Washington: Researchers have said that elevated blood pressure as young as age 18 is a warning sign of cardiovascular disease developing later in life.
According to a large national Northwestern Medicine study, distinct blood pressure patterns from ages 18 to 55 that reveal people at high risk for calcification of coronary arteries - a marker for heart disease - by middle age. Also known as hardening of the arteries, these calcium deposits can narrow coronary arteries and increase heart attack risk.
Lead study author Norrina Allen, assistant professor of preventive medicine at Northwestern University Feinberg School of Medicine, said that this shows that your blood pressure in young adulthood can impact your risk for heart disease later in life.
The study used data from 4,681 participants in the Coronary Artery Risk Development in Young Adults Study from baseline years 1985-1986 through 25 years of follow-up. The participants (black and white men and women) were 18 to 25 years old when the study began and from four urban sites including Chicago, Birmingham, Minneapolis, and Oakland.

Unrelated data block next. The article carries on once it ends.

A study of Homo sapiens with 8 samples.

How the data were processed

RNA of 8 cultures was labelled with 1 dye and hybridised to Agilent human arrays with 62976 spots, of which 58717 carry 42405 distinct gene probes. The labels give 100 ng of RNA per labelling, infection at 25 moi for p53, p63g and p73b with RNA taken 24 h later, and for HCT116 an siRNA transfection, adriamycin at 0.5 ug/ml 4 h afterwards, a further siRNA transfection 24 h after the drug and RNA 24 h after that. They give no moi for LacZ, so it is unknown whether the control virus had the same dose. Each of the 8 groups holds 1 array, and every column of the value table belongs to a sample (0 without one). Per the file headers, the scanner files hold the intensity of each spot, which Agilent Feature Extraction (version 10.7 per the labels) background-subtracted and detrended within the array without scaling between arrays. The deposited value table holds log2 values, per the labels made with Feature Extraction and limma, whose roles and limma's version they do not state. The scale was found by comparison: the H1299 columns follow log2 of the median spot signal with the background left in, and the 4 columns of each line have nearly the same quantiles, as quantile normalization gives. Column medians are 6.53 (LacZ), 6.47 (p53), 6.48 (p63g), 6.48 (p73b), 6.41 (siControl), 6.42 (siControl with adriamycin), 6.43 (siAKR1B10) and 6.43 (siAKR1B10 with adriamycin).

The study identified five patterns in blood pressure from young adulthood to middle age:
22 percent of participants maintained low blood pressure throughout follow-up (low-stable group)
2 percent had moderate levels (moderate-stable group)
12 percent started with moderate levels which increased at an average age of 35 years (moderate-increasing group)
19 percent had relatively elevated levels throughout (elevated-stable group)
5 percent started with elevated blood pressure, which increased during follow-up (elevated-increasing group).
The study has been published in the Journal of the American Medical Association.